Clark Opposes Libyan No-Fly Zone
In a sort of rebuttal to Sen. John Kerry’s affirmative case yesterday Gen. Wesley Clark has an op-ed in the Washington Post opposing military intervention in Libya:
To me, it seems we have no clear basis for action. Whatever resources we dedicate for a no-fly zone would probably be too little, too late. We would once again be committing our military to force regime change in a Muslim land, even though we can’t quite bring ourselves to say it. So let’s recognize that the basic requirements for successful intervention simply don’t exist, at least not yet: We don’t have a clearly stated objective, legal authority, committed international support or adequate on-the-scene military capabilities, and Libya’s politics hardly foreshadow a clear outcome.
We should have learned these lessons from our long history of intervention. We don’t need Libya to offer us a refresher course in past mistakes.
In the op-ed he considers U. S. military interventions since Vietnam and applies the same standards to them: is there a clearly stated objective, legal authority, committed international support or adequate on-the-scene military capabilities, and the local political situation. In some cases the interventions meet the standards; others fail. Libya fails.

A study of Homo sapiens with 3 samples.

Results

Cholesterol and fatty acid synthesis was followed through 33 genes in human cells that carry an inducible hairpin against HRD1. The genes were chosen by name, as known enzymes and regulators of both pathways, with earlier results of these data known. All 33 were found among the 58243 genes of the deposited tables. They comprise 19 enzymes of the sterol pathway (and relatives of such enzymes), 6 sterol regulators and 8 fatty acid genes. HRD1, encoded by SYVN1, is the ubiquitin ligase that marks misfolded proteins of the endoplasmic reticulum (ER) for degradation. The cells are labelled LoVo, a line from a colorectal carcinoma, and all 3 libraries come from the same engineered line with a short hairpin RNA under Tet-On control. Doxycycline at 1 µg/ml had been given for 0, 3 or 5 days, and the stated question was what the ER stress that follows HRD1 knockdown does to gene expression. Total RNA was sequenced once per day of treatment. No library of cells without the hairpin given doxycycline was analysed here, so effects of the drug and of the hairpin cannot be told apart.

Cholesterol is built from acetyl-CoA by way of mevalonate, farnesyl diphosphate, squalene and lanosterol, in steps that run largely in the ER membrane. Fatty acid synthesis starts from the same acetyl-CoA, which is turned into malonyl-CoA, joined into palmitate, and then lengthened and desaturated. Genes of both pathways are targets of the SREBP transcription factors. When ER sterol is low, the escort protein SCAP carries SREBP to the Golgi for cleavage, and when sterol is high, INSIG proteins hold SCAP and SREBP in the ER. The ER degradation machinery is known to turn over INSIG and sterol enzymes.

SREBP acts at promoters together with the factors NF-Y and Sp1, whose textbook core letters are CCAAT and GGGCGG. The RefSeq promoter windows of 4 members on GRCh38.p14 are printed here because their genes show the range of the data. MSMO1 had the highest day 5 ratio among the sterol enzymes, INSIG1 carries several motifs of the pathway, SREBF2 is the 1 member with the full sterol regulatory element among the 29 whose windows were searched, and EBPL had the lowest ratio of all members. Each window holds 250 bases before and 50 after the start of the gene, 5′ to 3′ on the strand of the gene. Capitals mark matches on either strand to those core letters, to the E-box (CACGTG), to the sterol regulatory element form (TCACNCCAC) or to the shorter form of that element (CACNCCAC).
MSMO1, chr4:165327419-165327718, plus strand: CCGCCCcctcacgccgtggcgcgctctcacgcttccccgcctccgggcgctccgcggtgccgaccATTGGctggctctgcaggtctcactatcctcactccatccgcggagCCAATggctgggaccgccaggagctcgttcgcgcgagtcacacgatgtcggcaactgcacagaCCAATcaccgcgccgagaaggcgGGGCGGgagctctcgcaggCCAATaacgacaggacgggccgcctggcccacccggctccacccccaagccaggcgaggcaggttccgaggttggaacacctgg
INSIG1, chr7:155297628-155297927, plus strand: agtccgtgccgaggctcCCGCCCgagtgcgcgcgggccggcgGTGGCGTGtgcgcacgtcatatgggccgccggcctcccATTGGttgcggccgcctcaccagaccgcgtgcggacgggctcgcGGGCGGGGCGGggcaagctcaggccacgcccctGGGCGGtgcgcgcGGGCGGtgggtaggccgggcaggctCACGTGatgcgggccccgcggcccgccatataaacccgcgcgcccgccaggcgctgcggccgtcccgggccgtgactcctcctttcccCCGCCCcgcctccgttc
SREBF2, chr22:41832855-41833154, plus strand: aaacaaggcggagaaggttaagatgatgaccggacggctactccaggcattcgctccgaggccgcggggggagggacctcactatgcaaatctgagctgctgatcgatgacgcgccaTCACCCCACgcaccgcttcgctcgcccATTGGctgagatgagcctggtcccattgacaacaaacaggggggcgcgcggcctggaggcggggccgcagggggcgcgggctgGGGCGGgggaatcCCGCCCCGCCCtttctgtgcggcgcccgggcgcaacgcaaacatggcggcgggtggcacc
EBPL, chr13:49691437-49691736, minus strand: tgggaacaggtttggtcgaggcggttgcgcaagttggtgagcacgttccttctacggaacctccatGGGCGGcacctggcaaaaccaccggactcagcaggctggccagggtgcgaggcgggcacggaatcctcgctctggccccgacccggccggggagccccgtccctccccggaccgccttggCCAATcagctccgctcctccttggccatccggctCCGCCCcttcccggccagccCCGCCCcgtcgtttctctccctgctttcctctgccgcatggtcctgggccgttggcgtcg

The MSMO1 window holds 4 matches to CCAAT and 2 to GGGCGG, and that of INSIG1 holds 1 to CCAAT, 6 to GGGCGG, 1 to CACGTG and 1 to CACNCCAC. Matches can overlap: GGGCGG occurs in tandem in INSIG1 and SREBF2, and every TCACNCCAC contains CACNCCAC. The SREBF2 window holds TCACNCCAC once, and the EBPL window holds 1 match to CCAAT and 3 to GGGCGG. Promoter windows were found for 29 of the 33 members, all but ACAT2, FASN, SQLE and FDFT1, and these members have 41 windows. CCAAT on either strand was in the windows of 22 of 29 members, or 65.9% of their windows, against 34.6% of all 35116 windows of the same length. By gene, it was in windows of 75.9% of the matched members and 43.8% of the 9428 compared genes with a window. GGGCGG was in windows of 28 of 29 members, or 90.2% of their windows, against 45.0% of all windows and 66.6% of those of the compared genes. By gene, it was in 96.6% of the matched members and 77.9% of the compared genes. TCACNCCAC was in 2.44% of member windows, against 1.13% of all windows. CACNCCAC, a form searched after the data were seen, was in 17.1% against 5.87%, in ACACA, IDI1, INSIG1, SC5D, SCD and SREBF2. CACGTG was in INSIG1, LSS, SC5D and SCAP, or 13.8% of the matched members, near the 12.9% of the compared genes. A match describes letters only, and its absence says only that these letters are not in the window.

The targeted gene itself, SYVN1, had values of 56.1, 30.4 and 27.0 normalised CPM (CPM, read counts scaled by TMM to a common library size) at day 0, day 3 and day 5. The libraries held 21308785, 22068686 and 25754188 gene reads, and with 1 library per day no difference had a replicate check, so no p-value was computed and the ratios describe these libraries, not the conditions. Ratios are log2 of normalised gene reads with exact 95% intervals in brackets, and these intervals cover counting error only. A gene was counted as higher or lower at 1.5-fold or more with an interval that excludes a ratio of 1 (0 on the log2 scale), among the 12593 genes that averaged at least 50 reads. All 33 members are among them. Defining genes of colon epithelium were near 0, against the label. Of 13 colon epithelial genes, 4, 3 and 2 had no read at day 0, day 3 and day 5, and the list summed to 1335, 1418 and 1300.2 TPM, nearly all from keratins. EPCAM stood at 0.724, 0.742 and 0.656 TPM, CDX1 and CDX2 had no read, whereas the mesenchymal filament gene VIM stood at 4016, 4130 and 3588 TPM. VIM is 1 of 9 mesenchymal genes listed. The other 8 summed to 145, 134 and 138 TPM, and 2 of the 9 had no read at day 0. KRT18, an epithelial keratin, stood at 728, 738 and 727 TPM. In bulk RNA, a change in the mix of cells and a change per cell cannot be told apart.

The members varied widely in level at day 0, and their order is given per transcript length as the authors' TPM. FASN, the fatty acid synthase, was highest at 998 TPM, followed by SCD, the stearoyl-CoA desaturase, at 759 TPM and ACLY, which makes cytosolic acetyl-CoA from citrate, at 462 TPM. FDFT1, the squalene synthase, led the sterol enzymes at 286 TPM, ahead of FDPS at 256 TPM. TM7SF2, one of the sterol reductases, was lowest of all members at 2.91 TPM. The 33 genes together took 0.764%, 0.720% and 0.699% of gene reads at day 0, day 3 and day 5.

He does not argue for complete passivity:
In Libya, if the objective is humanitarian, then we would work with both sides and not get engaged in the matter of who wins. Just deliver relief supplies, treat the injured and let the Libyans settle it. But if we want to get rid of Gaddafi, a no-fly zone is unlikely to be sufficient – it is a slick way to slide down the slope to deeper intervention.
Gen. Clark’s views approximate my own. I’d add another standard to his criteria: political support for the intervention at home and the willingness and ability to sustain it for the duration of the intervention.
I also think he’s premature in pronouncing U. S. intervention in the former Yugoslavia successful. The situation there remains politically unstable and is likely to do so until EU and NATO forces are withdrawn (if ever).
However, I agree with him that the situation in Libya does not meet the national interest and prudential standards necessary to wage war.